We camped last night at Gaviota State Beach where it was windy and overcast. Out to sea, we could sea oil rigs in the Santa Barbara Channel and the Channel Islands beyond. Joining us during the night were Chris Pesenti, Lindsey Peavey and Zoë Rappoport, friends of J Nichols.
At most camps, Jon reads J. Smeaton Chase?s ?California Coastal Trails? to the group, a recitation of his trip on horseback along the coast of California in 1911. It?s an excellent book, well worth reading by anyone interested in coastal issues and history. We have just read about this area; so many of the place names are familiar to us from Chase?s words.
This day was self-guided for the first 6.4 miles. The highway miles were uneventful as we walked through the San Julian ranch. The only excitement came from seeing a coyote off in a field (it looked to be hunting a gopher or ground squirrel), and making a chain-pulling arm gesture to get truck drivers to honk their horns. By and large, the truck drivers were accommodating.
Just before Highway One joined Highway 101, we turned off onto Julian Road. This is some 3 (as the crow takes Highway 101) miles from the ocean and at the easterly boundary of Gaviota State Beach. Here we met up with Mike Lunsford and Otis Calais. Both are board members of the County Trail Council, and Mike was long a ranger in this sector and is responsible for many of the trails at Gaviota State Beach. He is also the President of the Gaviota Coast Conservancy.
About a mile into the park, we took our lunch by the side of Gaviota Creek, shaded by sycamores and live oaks. Then we continued up to the ridges, where we had fine views of Gaviota Peak to the southeast, and out to the Channel Islands. Our little camp from the night before, with its railroad trestle, could be seen below looking as if it were part of a model-railroad layout. We continued down the switchback trail past sandstone caves and dramatic rock faces with holes and hollows, produced by the strong winds that often blow here. We came down to the access road into Hollister Ranch and then curved back to the campground parking lot. Here we met Mel and were driven to our next campsite, Refugio State Beach, where we will spend two nights. We were told that this access road is the only way into Hollister, and one passes a kiosk before gaining entrance into that private area. The ranch is divided into about 130 pieces of property, each 100 or more acres. (Jon Breyfogle; photos by Linda Hanes)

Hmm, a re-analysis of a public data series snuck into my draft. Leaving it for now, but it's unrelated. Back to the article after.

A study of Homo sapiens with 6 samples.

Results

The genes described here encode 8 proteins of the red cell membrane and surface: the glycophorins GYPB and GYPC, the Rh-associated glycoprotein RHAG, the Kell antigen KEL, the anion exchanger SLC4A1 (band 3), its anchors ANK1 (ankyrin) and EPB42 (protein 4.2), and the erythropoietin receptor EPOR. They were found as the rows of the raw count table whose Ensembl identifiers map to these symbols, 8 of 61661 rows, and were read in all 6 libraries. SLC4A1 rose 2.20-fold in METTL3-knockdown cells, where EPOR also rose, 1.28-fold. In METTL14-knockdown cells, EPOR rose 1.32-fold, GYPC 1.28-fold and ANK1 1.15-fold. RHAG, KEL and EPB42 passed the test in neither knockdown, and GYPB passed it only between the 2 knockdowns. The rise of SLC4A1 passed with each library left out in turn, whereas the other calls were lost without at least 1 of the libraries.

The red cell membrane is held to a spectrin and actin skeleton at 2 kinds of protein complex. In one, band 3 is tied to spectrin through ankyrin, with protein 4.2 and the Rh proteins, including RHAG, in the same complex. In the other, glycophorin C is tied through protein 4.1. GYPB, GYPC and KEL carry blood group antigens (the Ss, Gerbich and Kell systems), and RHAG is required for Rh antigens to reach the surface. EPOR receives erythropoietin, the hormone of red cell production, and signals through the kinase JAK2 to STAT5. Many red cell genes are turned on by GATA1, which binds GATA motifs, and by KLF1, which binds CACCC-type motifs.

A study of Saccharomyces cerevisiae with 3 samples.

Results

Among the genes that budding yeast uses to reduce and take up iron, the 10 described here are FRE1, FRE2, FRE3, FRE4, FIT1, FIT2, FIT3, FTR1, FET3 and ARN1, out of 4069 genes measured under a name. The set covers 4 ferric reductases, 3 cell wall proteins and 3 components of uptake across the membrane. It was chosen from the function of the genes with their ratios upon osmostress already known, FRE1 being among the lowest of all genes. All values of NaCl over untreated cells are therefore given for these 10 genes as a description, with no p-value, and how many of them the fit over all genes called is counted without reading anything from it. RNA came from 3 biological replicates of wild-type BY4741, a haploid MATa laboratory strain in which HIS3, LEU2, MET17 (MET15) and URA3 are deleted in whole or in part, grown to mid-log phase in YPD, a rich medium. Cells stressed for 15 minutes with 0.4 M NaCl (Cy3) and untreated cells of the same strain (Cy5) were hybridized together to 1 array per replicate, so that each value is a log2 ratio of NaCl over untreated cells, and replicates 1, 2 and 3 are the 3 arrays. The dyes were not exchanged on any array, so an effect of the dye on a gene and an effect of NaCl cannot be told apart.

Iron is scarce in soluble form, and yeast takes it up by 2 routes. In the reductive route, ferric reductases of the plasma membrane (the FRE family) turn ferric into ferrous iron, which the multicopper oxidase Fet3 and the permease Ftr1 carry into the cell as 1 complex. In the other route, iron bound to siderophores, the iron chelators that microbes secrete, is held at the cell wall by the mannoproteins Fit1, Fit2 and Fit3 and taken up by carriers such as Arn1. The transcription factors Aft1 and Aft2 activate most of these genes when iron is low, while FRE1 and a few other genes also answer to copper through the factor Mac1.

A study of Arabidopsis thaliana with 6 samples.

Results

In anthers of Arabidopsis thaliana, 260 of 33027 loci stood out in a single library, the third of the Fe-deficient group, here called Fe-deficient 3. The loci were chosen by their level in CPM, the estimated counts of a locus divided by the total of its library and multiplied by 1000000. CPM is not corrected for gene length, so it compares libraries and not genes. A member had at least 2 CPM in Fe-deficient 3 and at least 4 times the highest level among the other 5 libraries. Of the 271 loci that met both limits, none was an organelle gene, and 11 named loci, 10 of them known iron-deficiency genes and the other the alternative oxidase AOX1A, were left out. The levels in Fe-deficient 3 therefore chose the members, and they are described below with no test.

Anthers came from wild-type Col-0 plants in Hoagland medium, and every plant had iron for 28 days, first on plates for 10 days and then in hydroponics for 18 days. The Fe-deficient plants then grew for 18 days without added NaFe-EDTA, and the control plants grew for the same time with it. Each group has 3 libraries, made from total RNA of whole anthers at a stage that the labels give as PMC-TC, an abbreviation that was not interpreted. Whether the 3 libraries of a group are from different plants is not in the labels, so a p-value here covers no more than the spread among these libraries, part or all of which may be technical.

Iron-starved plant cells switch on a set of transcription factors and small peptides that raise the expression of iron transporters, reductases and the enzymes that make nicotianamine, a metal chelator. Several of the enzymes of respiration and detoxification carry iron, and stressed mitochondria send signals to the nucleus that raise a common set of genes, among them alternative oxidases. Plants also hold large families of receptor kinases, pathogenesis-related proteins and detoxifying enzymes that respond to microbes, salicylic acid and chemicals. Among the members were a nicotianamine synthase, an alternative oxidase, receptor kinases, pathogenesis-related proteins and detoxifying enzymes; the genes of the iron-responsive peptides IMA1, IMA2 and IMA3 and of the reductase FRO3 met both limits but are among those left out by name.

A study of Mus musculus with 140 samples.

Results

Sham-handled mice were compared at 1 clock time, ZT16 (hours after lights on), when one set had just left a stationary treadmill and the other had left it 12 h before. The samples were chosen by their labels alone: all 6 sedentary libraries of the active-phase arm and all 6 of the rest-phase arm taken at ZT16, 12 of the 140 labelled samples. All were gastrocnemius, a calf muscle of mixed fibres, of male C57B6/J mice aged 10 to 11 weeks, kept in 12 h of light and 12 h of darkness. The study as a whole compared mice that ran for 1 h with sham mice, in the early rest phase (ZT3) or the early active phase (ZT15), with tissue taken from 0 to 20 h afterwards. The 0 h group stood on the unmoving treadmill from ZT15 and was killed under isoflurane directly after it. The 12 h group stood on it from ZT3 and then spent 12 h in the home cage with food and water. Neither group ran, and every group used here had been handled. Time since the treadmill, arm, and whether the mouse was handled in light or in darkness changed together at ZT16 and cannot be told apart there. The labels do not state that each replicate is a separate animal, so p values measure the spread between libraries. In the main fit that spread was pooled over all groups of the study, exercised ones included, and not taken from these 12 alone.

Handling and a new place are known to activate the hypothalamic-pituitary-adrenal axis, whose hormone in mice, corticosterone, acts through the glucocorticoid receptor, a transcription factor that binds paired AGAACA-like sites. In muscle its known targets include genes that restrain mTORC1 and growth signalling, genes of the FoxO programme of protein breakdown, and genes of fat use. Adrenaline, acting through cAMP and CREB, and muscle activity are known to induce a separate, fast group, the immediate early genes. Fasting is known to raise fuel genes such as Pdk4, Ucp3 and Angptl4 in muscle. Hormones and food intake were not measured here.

Editors Note: We thought you might be interested in knowing more about Hollister Ranch. The following description comes from a real estate website. (We don?t suggest that this is an official position of the Hollister Home Owners Association.) Property is available from about $750,000 for undeveloped 100-acre parcels to $7.5 million for a seaside mansion. Note that they consider the beach private.
From Hollister Ranch Realty
?The sprawling Hollister Ranch is located behind 24 hour guarded gate on a 14.000 acre working cattle ranch. Each of these exclusive 100-acre ocean view properties offers security, privacy and solitude. Three beach cabanas and 8 ½ miles of private beach frontage are used exclusively by the owners of the 133 parcels within California?s most unique community.? And ? The private beach recreational area offers the exclusive use of 8 1/2 miles of beautiful, natural dry sandy beaches for hiking and riding as well as for sun bathing, swimming, fishing, skin diving, boating, surfing and sailboarding.?
Left: Lunch on Gaviota Creek. Right: Ridge view of Gaviota State Beach, the active trail trestle and Cannel Islands in the faint distance.